Saudi Arabia Sees OPEC, Allies Cooperate Past 2018

The suppliers are seeking to clear a global oil glut and prop up prices.The suppliers are seeking to clear a global oil glut and prop up prices.

OPEC and non-OPEC producers should stick with their supply cuts throughout 2018 and continue to cooperate beyond that, oil ministers from Saudi Arabia and Oman said.

The crude market will take all of 2018 to reach a normal level, and oil ministers should not limit their efforts to this year, Saudi Energy Minister Khalid Al-Falih told reporters on Sunday in Muscat, Oman, before a meeting to assess compliance with the cuts, Bloomberg reported.

Russian Energy Minister Alexander Novak said ministers need to see how the market develops before deciding if there is a need to adjust production caps.

"The Organization of Petroleum Exporting Countries and its allies see merit in maintaining their output limits into 2019 and probably will not discuss an exit strategy from their cuts agreement when the committee monitoring compliance meets on Sunday," Oman Oil Minister Mohammed Al Rumhy told reporters.

Saudi Arabia’s Al-Falih said the market will not rebalance in the first half and ministers need to identify a normal inventory level more clearly before OPEC meets next in June.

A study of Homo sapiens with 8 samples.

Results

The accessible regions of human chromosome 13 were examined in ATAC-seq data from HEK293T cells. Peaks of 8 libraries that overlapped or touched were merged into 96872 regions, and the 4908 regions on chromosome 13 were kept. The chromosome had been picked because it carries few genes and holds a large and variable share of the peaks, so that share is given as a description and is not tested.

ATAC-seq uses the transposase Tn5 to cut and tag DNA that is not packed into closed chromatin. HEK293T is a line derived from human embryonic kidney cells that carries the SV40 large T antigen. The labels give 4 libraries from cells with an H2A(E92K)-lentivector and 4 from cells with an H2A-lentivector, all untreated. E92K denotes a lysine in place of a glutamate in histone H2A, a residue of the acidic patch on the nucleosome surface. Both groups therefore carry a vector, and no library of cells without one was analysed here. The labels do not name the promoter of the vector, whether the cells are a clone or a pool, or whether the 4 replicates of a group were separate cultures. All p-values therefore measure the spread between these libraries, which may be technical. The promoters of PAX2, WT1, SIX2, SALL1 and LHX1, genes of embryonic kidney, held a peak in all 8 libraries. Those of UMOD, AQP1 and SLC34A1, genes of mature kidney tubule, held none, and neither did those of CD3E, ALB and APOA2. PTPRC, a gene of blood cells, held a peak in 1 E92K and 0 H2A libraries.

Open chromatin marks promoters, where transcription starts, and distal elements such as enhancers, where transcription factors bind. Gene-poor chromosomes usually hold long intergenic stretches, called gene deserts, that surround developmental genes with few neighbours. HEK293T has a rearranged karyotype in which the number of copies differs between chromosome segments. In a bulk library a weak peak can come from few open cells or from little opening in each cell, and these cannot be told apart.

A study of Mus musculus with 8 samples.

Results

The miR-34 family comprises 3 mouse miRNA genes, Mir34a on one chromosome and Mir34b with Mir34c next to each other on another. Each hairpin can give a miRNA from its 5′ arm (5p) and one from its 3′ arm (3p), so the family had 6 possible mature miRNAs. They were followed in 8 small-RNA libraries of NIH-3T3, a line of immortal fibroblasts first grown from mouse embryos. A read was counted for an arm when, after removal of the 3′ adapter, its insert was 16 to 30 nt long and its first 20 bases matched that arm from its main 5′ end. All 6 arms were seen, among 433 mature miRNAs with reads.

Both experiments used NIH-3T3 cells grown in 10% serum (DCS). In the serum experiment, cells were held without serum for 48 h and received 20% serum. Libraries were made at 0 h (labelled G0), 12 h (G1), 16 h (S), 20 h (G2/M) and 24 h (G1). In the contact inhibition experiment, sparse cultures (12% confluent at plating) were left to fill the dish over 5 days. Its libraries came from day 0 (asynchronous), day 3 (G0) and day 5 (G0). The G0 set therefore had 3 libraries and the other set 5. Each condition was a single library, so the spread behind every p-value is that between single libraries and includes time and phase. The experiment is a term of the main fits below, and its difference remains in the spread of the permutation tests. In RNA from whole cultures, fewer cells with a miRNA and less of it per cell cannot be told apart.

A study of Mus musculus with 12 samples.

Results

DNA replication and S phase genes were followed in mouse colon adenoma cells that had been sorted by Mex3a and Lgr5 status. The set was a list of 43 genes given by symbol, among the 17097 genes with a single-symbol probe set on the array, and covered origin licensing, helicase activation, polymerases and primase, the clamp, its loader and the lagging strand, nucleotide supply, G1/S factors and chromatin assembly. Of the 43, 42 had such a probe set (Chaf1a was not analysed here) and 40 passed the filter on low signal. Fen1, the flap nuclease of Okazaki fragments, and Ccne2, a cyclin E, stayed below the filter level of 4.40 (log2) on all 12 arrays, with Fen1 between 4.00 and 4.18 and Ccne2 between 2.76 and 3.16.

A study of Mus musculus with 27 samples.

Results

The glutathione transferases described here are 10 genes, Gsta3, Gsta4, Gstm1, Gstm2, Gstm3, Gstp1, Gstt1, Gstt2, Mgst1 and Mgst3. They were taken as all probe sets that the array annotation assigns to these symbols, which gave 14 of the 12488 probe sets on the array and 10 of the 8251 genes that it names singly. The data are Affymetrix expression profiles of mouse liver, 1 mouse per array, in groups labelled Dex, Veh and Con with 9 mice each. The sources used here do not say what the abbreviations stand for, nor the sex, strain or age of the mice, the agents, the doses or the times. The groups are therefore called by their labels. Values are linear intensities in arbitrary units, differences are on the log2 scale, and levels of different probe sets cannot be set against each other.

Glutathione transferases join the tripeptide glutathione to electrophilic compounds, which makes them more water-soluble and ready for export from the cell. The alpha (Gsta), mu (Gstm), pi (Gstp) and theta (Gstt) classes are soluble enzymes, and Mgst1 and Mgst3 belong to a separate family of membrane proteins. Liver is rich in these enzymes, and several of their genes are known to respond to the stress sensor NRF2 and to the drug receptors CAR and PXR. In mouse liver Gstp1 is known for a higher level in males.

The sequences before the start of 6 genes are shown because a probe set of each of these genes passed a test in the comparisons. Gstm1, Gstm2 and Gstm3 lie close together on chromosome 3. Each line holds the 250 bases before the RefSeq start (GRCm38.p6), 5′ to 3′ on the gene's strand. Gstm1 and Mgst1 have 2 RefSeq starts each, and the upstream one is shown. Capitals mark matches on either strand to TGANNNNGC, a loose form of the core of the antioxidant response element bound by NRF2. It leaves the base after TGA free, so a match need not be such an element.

Ministers from OPEC members, including Saudi Arabia, are meeting with counterparts from Russia and Oman in Muscat to assess compliance with the cuts deal that expires at the end of the year.

The suppliers are seeking to clear a global glut and prop up prices.

While benchmark Brent crude has gained 2.6% this month, US oil output is set for strong growth this year as prices rally, the International Energy Agency said on Friday.

The oil market will return to balance in the third quarter at the earliest if OPEC and its allies keep complying fully with their cuts and if production from Libya and Nigeria remains at December levels, according to people with knowledge of the matter.

Their assessment came from a meeting on Saturday of the joint OPEC, non-OPEC technical committee and was made for the joint ministerial committee meeting in Muscat.

Libya and Nigeria were left out of the initial output accord that took effect in January 2017, due to internal conflicts.

However, OPEC imposed caps on both countries in November. Nations participating in the output deal had a compliance rate of 129% in December and 107% for all of 2017, said the people with knowledge of the situation, who asked not to be identified because the information is not public.

Excess oil inventories have declined by 220 million barrels from a level of 340 million barrels in early 2017, Al-Falih said in a speech before the monitoring committee meeting.